The consulting “training machine” and how corporates and startups benefit
The plethora of career opportunities open to consultants, partnered with the “up or out” policy, means the attrition rate has always been high. We’ve run the numbers on our 16,000 strong community, and found that one third of our members moved in 2015, with the average tenure of consultants 2.4 years!
67% of these moves are into corporates or startups. What’s really interesting, is once they’ve moved out of consultancy, the average tenure jumps up to 3.5 years. That got us thinking… do corporates and startups get a great return on someone else’s investment when they hire ex-consultants?
How long candidates last
The attrition rate in consultancy is famously high. In 2015, almost one third of our members moved from a company to another:
% of MMO members who found a new job in 2015
We also found that the average tenure for consultants was just 2 years and 4 months with their current employer. This was markedly different to the 3 years and 5 months that alumni stay in their next job.
Number of years within the same company
Where do the consultants go?
Whilst some members stay in consulting, the majority of consultants move into corporates or startups (67%). It’s also interesting to see that PE and VC hire a lot of former consultants, considering the small number of firms and teams.
Destination (industries) of MMO members in 2015
The return on investment
As a general rule of thumb, a new employee isn’t expected to add value for their first six months. If we make the assumption that the value added is proportional to the pay (which seems to hold true at the more junior level!), the ROI calculation of consultants becomes rather simple:
In a consultancy, the return on investment is 22 months of value/ 6 months of investment = 3.6 times
In industry, the return on investment is 35 months of value/ 6 months of investment = 5.8 times
Partnered with the fact that consultancies invest heavily in their training, and that post this training consultants are usually able to bring value faster, this suggests corporates and startups are getting a far higher return on their investment as a result of the longer tenure of their employees. This is before we’ve included the cost of recruitment (which can obviously be much reduced by using movemeon ;)), and the normally higher salaries paid in consulting.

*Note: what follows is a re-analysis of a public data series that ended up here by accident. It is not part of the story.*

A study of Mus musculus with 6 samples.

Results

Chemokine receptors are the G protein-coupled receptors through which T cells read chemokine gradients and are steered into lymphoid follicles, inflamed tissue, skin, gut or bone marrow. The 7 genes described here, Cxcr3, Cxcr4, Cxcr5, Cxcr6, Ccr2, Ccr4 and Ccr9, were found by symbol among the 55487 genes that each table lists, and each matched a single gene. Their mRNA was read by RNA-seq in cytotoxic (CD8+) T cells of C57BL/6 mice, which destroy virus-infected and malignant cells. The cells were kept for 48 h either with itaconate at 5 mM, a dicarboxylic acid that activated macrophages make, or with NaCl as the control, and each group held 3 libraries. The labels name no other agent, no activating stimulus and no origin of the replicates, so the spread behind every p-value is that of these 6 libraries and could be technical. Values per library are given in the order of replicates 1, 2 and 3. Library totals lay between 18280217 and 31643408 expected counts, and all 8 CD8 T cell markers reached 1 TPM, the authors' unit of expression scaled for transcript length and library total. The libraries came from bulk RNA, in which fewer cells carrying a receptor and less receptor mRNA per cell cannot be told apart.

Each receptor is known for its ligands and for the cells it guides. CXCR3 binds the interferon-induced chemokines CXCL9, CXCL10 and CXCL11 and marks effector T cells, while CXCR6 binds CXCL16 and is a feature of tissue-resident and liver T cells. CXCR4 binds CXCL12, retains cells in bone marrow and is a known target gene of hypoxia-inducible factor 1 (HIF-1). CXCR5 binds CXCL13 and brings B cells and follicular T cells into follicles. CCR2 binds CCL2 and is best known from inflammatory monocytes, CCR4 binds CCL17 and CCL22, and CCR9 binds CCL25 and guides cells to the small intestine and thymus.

So it seems that consultancies continue to be a great training ground for top talent. And that cunning corporates and startups are doing well to profit from this.
Why this may not be all bad for consultancies
I’m sure this won’t be a complete shock to the consultancies. And to be honest, I’m pretty sure it’s not something they are particularly worried about. Whilst increasing the tenure of great people will obviously have a good impact on the business, the “up or out” policy clearly ensures the quality of consultants processing through the firm. Further to this, it develops competitive environment which tends to bring the best out of these driven employees.
However, potentially most pertinent of all, is that the wider the consulting alumni net is cast, the more likely they are to re-engage their old consulting firm. So by keeping high attrition, but keep their alumni close, the network becomes a very effective sales channel.
Maybe the initial low return in investment isn’t such a worry after all!